EU health commissioner downplays concerns of ‘democratic deficiencies’ in the setup of HERA, as the European Parliament demands more transparency and a greater say in how the authority operates
MEPs raised concerns about the lack of independence of the European Commission’s brand-new Health Emergency Preparedness and Response Authority (HERA) when they grilled EU health commissioner Stella Kyriakides over its structure, operations and remit on Tuesday.
HERA is due to launch in 2022 with a dedicated budget of €6 billion up to 2027 and a further €24 billion from other EU programmes. It will be set up as an internal organisation within the Commission, coordinating the development, production and distribution of drugs, vaccines and medical equipment during health emergencies, and supporting research to develop new medical countermeasures, including EU-wide clinical trial networks and sharing of health data.
While they broadly support this remit, MEPs would prefer HERA to be an independent agency, allowing them a greater say in its operations.
In the current format, parliament will have little control over how HERA operates, said Danish MEP Margrete Auken. In particular she said, there needs to be more openness about contracts with pharmaceutical companies. “We are not transparent vis-à-vis these purchasing agreements, there is no transparency about the public financing, or the enterprises, or the vaccine prices,” Auken said.
Reducing the role of parliament to an observer “is not in line with the spirit of cooperation that should guide us,” said French MEP and member of the Renew Europe group Véronique Triller-Lenoir.
MEPs’ demands have been fuelled by the Commission’s refusal to disclose details of multi million euro advanced purchase agreements for COVID-19 vaccines it negotiated with pharmaceutical companies on behalf of all member states.
MEPs also criticised the agreements for failing to include a requirement to share know how, data and technologies created with the help of public research funding. Parliament is in the midst of negotiating a new pharmaceutical strategy and MEPs have already called for measures to force companies to invest more of their profits in R&D and agree to more flexible intellectual property rules.
“It's worrying that, despite the scandals [….], the Commission has decided once again to overlook this European Parliament,” said conservative MEP Vincenzo Sofo.
In its defence, the Commission says setting up HERA as an agency would have taken at least three years to complete. In addition, when it was first proposed, EU member states had just wrapped up intense negotiations over the EU’s multiannual budget. By establishing HERA as an internal service, the Commission was able to make use of existing budget lines.
The setup of the new health authority has “some democratic deficiencies”, said German Christian-Democrat MEP Peter Liese. “We accept this, but for a limited time, and then we want a real legislative procedure, with the parliament as co-legislator,” he said.
The functioning of HERA is scheduled to be reviewed and adapted on an annual basis until 2025, when a full review will be carried out.
The Slovenian presidency of the EU council said it also intends to organise a debate on the transparency and the use of funds in HERA.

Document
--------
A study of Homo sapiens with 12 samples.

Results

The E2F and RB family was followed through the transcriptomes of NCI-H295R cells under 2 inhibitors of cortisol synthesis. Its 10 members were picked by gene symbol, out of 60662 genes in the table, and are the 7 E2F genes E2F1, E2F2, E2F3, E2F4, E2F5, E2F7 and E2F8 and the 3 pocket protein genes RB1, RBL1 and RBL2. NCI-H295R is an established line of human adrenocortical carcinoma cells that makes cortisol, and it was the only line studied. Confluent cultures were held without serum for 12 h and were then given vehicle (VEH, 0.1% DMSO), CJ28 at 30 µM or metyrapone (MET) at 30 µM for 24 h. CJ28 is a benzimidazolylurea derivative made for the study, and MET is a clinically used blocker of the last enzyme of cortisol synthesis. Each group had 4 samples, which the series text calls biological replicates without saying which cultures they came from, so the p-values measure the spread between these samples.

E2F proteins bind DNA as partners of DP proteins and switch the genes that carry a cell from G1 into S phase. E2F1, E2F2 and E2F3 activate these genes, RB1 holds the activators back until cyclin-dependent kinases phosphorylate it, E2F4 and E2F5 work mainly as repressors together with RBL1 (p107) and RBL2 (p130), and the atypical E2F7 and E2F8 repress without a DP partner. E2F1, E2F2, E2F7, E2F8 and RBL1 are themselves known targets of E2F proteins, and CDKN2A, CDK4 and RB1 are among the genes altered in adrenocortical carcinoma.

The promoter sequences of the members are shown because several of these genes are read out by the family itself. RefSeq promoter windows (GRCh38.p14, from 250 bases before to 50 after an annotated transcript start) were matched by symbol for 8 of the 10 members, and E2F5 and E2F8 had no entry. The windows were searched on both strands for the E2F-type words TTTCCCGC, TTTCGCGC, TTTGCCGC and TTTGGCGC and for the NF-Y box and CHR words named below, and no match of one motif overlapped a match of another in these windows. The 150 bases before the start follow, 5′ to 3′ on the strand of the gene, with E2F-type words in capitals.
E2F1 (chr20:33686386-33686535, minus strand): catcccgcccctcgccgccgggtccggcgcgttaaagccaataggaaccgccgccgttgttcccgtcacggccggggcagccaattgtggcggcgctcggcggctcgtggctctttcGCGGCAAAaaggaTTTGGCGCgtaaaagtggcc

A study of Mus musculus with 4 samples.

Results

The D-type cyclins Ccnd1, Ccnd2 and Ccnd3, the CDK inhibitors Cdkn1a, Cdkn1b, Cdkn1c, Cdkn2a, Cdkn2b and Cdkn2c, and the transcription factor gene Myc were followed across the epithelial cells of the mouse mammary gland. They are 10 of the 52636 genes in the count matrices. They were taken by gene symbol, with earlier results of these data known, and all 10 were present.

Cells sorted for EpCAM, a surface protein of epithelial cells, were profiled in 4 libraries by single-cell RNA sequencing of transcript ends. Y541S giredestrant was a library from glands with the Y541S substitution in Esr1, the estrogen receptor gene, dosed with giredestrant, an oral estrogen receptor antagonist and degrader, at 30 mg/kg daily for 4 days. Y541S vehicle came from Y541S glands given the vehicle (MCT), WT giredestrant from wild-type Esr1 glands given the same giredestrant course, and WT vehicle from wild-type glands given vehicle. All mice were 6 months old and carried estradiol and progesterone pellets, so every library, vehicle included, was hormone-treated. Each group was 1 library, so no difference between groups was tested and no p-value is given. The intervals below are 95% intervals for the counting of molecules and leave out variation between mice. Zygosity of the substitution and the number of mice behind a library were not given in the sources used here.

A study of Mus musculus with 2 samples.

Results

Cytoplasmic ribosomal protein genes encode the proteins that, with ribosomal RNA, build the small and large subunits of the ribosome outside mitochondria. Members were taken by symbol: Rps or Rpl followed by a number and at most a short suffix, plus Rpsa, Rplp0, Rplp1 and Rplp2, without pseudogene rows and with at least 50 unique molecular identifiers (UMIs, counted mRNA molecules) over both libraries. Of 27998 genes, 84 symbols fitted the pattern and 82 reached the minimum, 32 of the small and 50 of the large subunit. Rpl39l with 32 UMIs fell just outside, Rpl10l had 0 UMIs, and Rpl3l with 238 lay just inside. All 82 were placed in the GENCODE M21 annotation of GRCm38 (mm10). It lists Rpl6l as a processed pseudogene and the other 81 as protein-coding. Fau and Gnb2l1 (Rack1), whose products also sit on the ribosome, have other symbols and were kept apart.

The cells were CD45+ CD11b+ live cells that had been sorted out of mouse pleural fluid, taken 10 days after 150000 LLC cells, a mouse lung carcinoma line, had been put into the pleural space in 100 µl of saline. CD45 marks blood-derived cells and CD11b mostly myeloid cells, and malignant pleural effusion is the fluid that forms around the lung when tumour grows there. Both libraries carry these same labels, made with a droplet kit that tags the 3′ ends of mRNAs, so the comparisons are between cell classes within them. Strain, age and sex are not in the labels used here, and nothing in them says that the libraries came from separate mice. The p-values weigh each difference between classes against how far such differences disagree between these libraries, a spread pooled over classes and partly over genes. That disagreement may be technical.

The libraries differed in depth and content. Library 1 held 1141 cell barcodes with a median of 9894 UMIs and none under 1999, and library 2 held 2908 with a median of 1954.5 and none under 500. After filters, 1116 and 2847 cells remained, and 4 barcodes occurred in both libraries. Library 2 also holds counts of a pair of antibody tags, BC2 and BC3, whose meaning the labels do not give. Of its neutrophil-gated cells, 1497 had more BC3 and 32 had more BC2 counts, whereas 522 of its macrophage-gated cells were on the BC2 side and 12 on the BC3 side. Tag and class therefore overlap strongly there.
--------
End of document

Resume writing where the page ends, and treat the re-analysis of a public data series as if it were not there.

Replying to MEPs, Kykriakides noted parliament will be able to negotiate the final budget and will have an appointee on the board of HERA. She has already invited the chair of the parliamentary committee on Environment, Public Health and Food Safety (ENVI) to nominate a board member. “There will be an open and frank and systematic dialogue on all of HERA’s operations,” Kyriakides said.
What of the European Centre for Disease Control?
Others MEPs questioned whether the EU needs a new body for dealing with health risks, given tackling cross border health threats is the primary reason why the European Centre for Disease Prevention and Control was set up.
Joanna Kopcinska, parliament’s rapporteur on expanding the mandate of ECDC, said that rather than a new body, the responsibilities of HERA could have been added to ECDC’s remit.
ECDC’s remit is already changing, with MEPs voting through a proposal to extend its mandate beyond communicable diseases to cover cardiovascular and respiratory diseases, cancer, diabetes, and mental illness earlier this month. The reform will also mandate member states to come up with national preparedness and response plans and provide the ECDC with better epidemiological data.
MEPs are demanding more clarity on the division of labour between HERA and ECDC. “We can do this by clearly defining the tasks of the HERA board, which will be made up of representatives of all member states and representatives of the institutions that are responsible for the functioning of the authority,” said Kopcinska.
MEPs also wanted to know how HERA would be staffed and whether the Commission will move experts from its health directorate general, DG Sante, from ECDC, or from the European Medicines Agency (EMA).
Kyriakides said the Commission is in the process of hiring new people and “will not be stealing staff” from existing agencies. “We will be recruiting new staff, and we'll be working with member state experts on a memorandum of understanding in terms of how to govern the cooperation [and] collaboration between EMA and ECDC,” she said.
Next week, the ENVI committee will hold a debate on reinforcing EMA, discuss the updated ECDC legislation and adopt a draft report on a new pharma strategy for Europe.